Questions over lamb definitions

Questions over lamb definitions


NSW Farmers does not support a change in the lamb definition on the basis of information currently available. What do you think?


Sheep Producers Australia has recently asked the sheepmeat industry to consider whether the definition of lamb should be changed. The lamb definition is currently meat derived from a female, castrated male, or entire male ovine animal that shows no evidence of eruption of permanent incisor teeth.

The proposed change of the lamb definition will allow for the eruption of permanent incisors, but without either incisor being in wear. NSW Farmers does not support a change in the lamb definition on the basis of information currently available.

We consider that the extent of risk to the lamb brand is currently unquantified, and that there are unanswered questions about impacts on market access, consumer behaviour, on-farm production, and eating quality.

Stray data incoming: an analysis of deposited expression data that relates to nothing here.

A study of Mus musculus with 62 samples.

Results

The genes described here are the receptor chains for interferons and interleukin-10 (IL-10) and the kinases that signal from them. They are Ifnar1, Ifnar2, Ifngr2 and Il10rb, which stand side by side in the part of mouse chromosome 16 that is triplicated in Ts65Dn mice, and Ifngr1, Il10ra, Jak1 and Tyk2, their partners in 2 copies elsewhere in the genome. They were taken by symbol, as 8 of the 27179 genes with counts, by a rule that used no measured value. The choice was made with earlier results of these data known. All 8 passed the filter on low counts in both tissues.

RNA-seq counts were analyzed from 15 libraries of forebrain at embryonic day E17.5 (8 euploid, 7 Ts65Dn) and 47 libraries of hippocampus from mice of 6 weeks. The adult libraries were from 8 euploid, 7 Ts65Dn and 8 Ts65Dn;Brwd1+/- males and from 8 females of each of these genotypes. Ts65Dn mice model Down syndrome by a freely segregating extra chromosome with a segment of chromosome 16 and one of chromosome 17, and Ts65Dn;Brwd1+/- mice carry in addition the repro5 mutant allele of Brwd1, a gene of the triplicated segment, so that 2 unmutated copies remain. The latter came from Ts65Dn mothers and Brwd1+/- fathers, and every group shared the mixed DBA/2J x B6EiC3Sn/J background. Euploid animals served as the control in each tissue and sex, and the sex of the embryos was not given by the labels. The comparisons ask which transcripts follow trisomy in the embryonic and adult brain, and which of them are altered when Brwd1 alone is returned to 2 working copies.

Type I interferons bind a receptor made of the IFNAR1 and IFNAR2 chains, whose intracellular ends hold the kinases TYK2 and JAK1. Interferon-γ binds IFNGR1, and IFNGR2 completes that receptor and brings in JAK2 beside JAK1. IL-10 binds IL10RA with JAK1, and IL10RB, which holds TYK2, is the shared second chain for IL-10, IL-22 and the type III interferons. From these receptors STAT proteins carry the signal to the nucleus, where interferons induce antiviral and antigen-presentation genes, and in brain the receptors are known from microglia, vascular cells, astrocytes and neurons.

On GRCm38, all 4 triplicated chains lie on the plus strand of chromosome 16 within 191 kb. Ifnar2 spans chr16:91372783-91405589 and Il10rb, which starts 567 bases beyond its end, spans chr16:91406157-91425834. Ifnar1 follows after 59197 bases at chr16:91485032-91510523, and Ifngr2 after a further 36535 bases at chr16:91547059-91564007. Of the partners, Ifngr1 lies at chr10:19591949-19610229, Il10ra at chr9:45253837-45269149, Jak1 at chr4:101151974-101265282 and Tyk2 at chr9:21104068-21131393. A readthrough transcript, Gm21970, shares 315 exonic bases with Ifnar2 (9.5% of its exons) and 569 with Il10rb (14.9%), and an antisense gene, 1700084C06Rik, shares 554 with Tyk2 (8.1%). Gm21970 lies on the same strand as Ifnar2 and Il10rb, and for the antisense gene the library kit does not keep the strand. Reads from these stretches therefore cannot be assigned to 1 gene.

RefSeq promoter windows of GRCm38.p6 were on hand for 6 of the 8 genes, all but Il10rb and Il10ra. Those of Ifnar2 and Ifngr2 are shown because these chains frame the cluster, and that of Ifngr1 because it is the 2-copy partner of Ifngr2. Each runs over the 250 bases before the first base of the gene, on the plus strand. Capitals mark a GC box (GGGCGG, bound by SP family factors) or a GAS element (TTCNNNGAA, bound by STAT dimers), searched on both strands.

We have a natural interest in anything that affects such an important production sector in our state. NSW accounts for almost 40 per cent of the national sheep flock, and three of the nation’s four largest sheep-producing areas are in NSW. NSW slaughters 23.6 per cent of the nation’s lamb, second only to Victoria, but produces more lamb on farm. 

NSW Farmers understands that a change in the definition would bring benefit to some producers in certain production systems; however, we do not believe that it would deliver significant or any price increases for the majority of lamb producers in NSW. 

It’s been said that extending the period for lamb definition could provide an indicator of the maximum time producers have available before an animal is downgraded to a hogget.

We’d like to see greater focus on a cuts-based value system for lamb, including a sheep meat eating quality grading system that is based on sheep eating quality research and the Meat Standards Australia grading program. It’s important that value is delivered along the whole supply chain, but not at risk of losing our consumers. 

- NSW Farmers Sheep Meats committee chair Ian Cargill.